Annointing the Sick
The Sacrament of the Anointing of the Sick gives strength and support and can be administered to anyone struggling with an illness.
Who may Receive?
In the Catholic Church, Extreme Unction or the Last Rites is the anointing at the time of death. Since the Second Vatican Council, this sacrament is now called the Anointing of the Sick and has been broadened to offer healing and comfort in times of illness that may not lead to immediate death. Speaking about a wider implementation of this sacrament,
Pope Paul VI advocated for “a wider availability of the sacrament and to extend it—within reasonable limits—even beyond cases of mortal illness."
Unlike the traditional understanding of the Last Rites, the sacrament of the Anointing of the Sick is, ideally, to be administered in a communal celebration.
The Catechism of the Catholic Church states that when the sick are anointed they should be "assisted by their pastor and the whole ecclesial community, which is invited to surround the sick in a special way through their prayers and fraternal attention" (1516).
"Like all the sacraments the Anointing of the Sick is a liturgical and communal celebration…It is very fitting to celebrate it within the Eucharist" (1517).
The healing that occurs in this sacrament of anointing is not necessarily physical healing. While we believe that physical healing can occur through the great power of God, the grace that is infused through this special sacrament is the reminder of the eternal presence of God in our human suffering.
When the priest blessing the oil of anointing, he asks God to "send the power of your Holy Spirit, the Consoler, into this precious oil. Make this oil a remedy for all who are anointed with it; heal them in body, in soul and in spirit, and deliver them from every affliction" (Pastoral Care of the Sick, #123).
"The celebration of the Anointing of the Sick consists essentially in the anointing of the forehead and hands of the sick person (in the Roman Rite) or of other parts of the body (in the Eastern rite), the anointing being accompanied by the liturgical prayer of the celebrant asking for the special grace of this sacrament" (CCC 1531).
To receive this sacrament, please call the Parish Office and the secretary will take down your information so that a priest may contact you directly. After office hours, the voice mail menu will offer you several options. In the case of an emergency press “3” and leave a brief message including the name of the sick person and your phone number. The priest on duty will be paged. Please give your phone number slowly and clearly.
Please accept our sympathies at the death of your loved one. When someone has died, the first step is to contact a mortuary to prepare the body for the funeral rites. There are mortuaries advertised on the back of our weekly bulletin. Please specify SS. Peter and Paul in Wilmington as the church to hold the funeral Mass and to perform the Graveside Service. If Military Honors at the burial are desired, make this known to the mortuary so that they can arrange it.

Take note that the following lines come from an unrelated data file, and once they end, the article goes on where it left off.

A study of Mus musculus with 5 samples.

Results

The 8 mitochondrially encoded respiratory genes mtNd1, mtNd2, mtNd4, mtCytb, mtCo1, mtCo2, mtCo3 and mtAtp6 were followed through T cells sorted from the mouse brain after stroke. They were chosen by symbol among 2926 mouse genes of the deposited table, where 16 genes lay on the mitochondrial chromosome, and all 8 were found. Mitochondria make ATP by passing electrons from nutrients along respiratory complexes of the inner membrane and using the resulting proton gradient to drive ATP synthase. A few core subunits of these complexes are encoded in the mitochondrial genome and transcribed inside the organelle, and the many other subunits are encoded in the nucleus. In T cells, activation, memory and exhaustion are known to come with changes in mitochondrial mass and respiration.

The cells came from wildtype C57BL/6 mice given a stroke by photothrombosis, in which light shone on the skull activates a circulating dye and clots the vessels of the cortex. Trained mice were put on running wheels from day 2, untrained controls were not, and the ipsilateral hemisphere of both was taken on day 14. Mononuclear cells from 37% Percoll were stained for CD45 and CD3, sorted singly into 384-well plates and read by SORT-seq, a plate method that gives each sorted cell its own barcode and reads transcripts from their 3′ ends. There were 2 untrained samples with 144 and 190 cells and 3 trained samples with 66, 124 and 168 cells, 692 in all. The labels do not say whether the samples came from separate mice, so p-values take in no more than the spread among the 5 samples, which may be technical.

Typically, the priest who is scheduled to be on duty the day of the funeral will perform the services and contact you for information about the deceased, informing the family of its options for participating at the funeral Mass and giving the family an overview of the entire proceedings prior to the Mass/Vigil/Rosary of on the day of said event.
If a Vigil Service is desired, it may take the form of a Scripture service, recitation of the Rosary or both. The Vigil Service usually takes place with the body of the deceased present at the mortuary on the evening preceding the Funeral Mass or in the church provided pre-arrangements have been made.
Eulogies and Words of Remembrance
The preferred places for Eulogies by family members and friends is at the Vigil Service or Graveside Service, not at the Funeral Mass. These words of remembrance are most effective when they do not try to be a complete history of the individual and from three to five minutes in length each.
The Church prefers that cremation take place after the Funeral Mass. If this is not possible, the Church allows for the Funeral Mass to be celebrated with the cremated remains of the body present. Cremated remains are to be treated with the same respect given to the human body. This includes the use of a worthy vessel/urn which is to be buried in a grave or entombed in a mausoleum. Scattering the cremated remains, keeping them at home or dividing them up among family members is not allowed.
*You are invited to a perfect way to remember a deceased loved one by enrolling her/him as a Member of the SS. Peter and Paul Purgatorial Society! As a member of this society, your deceased family member or friend will be remembered in a Special Mass that is celebrated each month for a year, that is the 7:00 pm Mass on First Friday. You will also receive a leatherette Mass Folder with a lithographed certificate and a white velum envelope. Donation for the enrolled deceased family member or friend is $75.00 per year. To register or more information please contact the Office here.